The U.S. House is going to vote on gun background checks. The pre-game among Pa. lawmakers is going how you’d expect

February 27, 2019 9:38 am


Writing in The Washington Post earlier this week, former U.S. Rep. Ryan Costello, R-Pa., observed that the bill, as currently written, would “require a background check for every gun sale — not just for sales by licensed dealers, as the Brady Act has required since it went into effect in 1994, but also for unlicensed sales between strangers who meet online or at gun shows. It is a common-sense way to fully carry out the spirit of that existing federal law,” the two former lawmakers wrote.

“This bill doesn’t take away anyone’s guns, create a firearms registry or threaten the Second Amendment rights of law-abiding citizens. It simply ensures that people who would fail a background check if they attempted to buy a gun from a licensed dealer in a brick-and-mortar store can’t go to an unlicensed online seller to buy a gun without the check,” Costello, and his co-author, former GOP U.S. Rep. Carlos Curbelo, of Florida, wrote in The Post.

The vote is an encouraging one – because, at least, the House is taking a vote on a gun-control bill. The bill is expected to pass, with some slender Republican support. In fact,  as The Hill reports, that five Republicans have signed on as co-sponsors of the bill. It’s no secret that background checks poll well – even among gun-owners.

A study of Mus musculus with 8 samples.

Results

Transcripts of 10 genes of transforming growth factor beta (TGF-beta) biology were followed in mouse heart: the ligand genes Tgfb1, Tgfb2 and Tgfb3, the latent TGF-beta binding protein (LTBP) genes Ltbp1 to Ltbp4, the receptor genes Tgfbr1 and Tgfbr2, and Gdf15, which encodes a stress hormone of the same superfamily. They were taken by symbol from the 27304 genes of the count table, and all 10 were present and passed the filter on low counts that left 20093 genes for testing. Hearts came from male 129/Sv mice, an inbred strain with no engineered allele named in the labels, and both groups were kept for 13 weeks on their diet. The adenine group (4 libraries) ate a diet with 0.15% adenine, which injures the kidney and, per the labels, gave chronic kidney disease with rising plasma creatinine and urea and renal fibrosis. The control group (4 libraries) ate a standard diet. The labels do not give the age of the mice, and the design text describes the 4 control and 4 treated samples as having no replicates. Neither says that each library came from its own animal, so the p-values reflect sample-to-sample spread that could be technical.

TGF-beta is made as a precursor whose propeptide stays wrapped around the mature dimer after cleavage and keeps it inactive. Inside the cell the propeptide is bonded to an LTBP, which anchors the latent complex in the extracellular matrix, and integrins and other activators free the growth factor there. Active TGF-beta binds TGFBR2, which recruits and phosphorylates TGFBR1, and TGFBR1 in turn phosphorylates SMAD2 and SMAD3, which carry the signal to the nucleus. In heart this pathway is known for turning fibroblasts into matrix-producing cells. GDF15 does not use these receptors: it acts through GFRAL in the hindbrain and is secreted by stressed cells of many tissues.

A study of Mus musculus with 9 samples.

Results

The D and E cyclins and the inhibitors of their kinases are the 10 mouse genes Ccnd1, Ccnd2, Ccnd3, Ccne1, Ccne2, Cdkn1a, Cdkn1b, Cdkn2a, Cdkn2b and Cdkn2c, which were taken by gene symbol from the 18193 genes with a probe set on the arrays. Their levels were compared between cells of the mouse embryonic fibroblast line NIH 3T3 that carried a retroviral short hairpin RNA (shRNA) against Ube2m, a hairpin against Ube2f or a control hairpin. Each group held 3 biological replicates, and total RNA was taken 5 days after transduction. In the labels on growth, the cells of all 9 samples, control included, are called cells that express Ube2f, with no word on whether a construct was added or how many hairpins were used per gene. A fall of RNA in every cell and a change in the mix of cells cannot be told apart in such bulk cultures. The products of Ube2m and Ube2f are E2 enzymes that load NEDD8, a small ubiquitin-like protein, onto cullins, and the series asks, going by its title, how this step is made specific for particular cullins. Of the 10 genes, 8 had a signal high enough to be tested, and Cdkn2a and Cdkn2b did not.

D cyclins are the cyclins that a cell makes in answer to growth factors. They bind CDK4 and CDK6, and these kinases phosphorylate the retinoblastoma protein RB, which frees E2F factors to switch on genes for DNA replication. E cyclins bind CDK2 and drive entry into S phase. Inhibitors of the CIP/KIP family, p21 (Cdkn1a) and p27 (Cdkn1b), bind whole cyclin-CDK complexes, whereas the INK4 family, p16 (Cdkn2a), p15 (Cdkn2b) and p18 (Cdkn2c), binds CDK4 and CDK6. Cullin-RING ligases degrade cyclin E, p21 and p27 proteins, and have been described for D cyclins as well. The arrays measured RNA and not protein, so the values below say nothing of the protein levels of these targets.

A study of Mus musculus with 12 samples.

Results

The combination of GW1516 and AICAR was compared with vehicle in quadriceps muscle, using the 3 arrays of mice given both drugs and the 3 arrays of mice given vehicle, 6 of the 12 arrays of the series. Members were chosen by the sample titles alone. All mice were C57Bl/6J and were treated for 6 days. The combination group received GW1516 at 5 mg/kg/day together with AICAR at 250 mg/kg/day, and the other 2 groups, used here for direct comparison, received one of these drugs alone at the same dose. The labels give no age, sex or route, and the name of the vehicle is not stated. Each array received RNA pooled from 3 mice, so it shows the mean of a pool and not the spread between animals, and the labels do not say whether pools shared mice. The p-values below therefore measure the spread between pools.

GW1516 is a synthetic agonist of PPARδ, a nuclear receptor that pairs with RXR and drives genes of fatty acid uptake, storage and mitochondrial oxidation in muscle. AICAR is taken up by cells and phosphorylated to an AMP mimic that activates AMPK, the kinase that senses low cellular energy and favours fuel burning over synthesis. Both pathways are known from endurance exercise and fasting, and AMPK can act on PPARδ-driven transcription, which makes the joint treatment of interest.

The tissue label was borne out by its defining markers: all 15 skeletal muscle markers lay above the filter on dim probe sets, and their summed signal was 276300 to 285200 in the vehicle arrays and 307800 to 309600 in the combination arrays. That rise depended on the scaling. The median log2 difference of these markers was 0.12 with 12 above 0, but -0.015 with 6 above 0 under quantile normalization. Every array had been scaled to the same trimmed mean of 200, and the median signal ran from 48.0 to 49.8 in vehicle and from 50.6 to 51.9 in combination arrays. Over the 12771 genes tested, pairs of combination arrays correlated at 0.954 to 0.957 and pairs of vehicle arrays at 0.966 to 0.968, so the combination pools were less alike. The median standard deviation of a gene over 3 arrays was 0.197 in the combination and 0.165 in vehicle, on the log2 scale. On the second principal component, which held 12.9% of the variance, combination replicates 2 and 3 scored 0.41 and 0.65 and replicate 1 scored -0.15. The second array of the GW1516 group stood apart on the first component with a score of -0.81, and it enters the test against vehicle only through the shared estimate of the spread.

As CNN reports, Democrats are hoping a successful House vote will pressure the Senate to move a bill of its own. U.S. Sen. Pat Toomey, R-Pa., is among the senators who have urged a vote on a background checks bill – if the opportunity ever arose. President Donald Trump has already threatened a veto, The Hill reported.

Opponents of the bill, who include the National Rifle Association, and nearly every Republican member of Congress, took to Twitter to go on the attack. A quick inspection of the posts is a study in the Washington D.C. groupthink that takes hold when any major issue is up for a vote.

Here, for instance, is U.S. Rep. Mike  Kelly, R-16th District, who’s fully wrapping himself in the warm embrace of the NRA.

Kelly piled back on Wednesday morning:


Here’s U.S. Rep. Lloyd Smucker, R-11th District, trotting out a familiar line of attack:

Which is not to say there isn’t some of it on the Democratic side as well:

Here’s U.S. Rep. Madeleine Dean, D-4th District:


A three-decade veteran of the news business, John L. Micek is the Pennsylvania Capital-Star's former Editor-in-Chief.